Retrospective

In 2004, an Infamous Sci-Fi Remake Reimagined the Horror of Patriarchy as Camp Satire

Stepford’s men are from Mars. Don’t ask where the women come from.

Paramount Pictures

Directed by Muppets legend Frank Oz and written by Paul Rudnick (Addams Family Values), The Stepford Wives remake is a strange beast. It follows Joanna (Nicole Kidman), a workaholic reality TV producer whose latest project ends disastrously when one of the contestants tries to go on a murder spree. Following a breakdown and the loss of her job, Joanna, her husband Walter (Matthew Broderick) and their kids move to Stepford. Immediately, Joanna knows something is wrong with this picturesque suburb: all the women dress like 1950s housewives, they delight in housework and cooking, and they're submissive to their jerk husbands.

So far, so Stepford. But this isn’t a horror. This version of the town is a parody, so polished and manicured that it swings into uncanny. It’s not the America of the past but the America of a past designed by ad executives to sell kitchenware. The men smoke pipes while the women get excited about cereal. One housewife is equipped with a breast-enlarging device.

Joanna, however, is forever clad in black and has an androgynous short hairdo that could only be described as “ball-busting.” The entire film proves disorienting, but there’s a method to the madness: when you’re shown the grotesque endgame of patriarchy, you realize how broken the system is. Is this ridiculous binary really what men want? If so, then the system sucks for them too.

There are updates to The Stepford Wives that feel extremely 2000s. The show Joanna produces in the opening scenes, an inhumane dating show called I Can Do Better, is an obvious parody of The Bachelor. One of her only allies in Stepford is Roger (Roger Bart), a proudly flamboyant gay man whose Republican lawyer husband thinks is “too much.”

Stepford’s satire remains relevant amid growing nostalgia for a ‘50s that never really were.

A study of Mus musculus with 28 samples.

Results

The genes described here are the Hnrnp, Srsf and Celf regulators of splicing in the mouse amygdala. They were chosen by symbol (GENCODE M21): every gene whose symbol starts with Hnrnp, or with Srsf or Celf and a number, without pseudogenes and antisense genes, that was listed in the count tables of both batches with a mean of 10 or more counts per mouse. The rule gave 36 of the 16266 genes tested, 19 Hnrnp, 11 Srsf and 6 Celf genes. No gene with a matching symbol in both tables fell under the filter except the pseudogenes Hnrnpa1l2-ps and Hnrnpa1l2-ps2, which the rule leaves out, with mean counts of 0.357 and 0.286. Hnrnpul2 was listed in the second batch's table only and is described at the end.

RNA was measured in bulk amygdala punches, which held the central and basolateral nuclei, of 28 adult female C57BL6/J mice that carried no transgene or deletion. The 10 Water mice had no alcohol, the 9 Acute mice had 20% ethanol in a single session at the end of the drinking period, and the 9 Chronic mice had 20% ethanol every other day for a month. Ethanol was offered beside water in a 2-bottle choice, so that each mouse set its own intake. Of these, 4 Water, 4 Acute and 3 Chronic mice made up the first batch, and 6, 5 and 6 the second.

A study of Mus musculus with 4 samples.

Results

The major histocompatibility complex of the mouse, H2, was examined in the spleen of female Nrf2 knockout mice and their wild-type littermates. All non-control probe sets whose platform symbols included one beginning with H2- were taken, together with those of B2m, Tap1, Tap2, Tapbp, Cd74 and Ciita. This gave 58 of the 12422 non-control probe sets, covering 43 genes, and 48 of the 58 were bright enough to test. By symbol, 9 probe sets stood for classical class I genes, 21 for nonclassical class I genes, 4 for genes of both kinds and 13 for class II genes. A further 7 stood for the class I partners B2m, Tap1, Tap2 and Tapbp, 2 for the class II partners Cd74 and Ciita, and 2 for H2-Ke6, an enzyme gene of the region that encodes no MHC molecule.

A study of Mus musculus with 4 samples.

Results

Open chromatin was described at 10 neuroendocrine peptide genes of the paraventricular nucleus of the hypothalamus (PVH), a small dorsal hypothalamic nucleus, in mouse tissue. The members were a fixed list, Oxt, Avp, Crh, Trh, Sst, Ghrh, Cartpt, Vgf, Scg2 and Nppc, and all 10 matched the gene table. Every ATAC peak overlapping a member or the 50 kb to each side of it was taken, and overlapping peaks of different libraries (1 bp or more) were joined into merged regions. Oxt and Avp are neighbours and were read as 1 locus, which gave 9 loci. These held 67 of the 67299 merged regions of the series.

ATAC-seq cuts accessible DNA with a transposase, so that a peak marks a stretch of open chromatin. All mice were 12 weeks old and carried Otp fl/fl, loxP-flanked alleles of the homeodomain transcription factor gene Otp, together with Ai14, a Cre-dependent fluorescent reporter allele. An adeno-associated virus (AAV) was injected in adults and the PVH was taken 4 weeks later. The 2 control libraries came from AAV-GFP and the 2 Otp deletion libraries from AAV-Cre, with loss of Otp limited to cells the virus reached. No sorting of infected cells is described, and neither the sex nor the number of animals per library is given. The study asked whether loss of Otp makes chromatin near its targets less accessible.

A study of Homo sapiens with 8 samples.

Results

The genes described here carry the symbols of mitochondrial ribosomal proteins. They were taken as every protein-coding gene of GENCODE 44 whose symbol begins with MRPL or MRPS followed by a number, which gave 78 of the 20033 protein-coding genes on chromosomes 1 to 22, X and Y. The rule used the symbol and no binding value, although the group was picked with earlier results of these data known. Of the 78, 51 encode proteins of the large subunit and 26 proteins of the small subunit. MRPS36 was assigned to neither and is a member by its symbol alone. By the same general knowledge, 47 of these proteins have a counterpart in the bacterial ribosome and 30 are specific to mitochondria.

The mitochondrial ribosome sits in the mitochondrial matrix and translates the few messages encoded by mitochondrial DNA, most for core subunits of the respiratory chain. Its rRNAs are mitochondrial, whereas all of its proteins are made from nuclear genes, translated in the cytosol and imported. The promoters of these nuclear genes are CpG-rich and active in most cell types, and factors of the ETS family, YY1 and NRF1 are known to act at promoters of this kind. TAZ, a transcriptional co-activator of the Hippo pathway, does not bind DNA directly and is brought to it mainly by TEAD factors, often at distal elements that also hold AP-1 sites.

Paramount Pictures

He gets the Stepford treatment too, which erases his queerness until he’s a strait-laced all-American guy who doesn’t make the heterosexuals uncomfortable. The town insists it’s welcoming, but will only accept a gay resident after it robs him of his identity. In the era of Don’t Ask, Don’t Tell and the Bush administration’s legislative homophobia, there’s a pointed sadness to this subplot that gives the remake one of its best additions.

A lot of The Stepford Wives doesn’t really work. The twist ending feels like a strained attempt to subvert the original narrative, but only causes the film to lose its satiric bite as it falls into misguided sentimentality. Yet there’s a lot more here that’s effective than contemporary reviews would suggest. Making The Stepford Wives camp might not satisfy everyone, but it’s a move that reveals the intrinsically ridiculous nature of the “Men are from Mars, women are from Venus” mentality that was at its peak.

It never stops being scary to know how many men view women as broodmares and clothes horses. Amid a revival of the tradwife movement and the amplification of misogynistic creeps like Andrew Tate, all of The Stepford Wives’ iterations remain endlessly relevant. In riding the fine line between terror and camp, the 2004 version ensures you never forget how stupid the entire system is.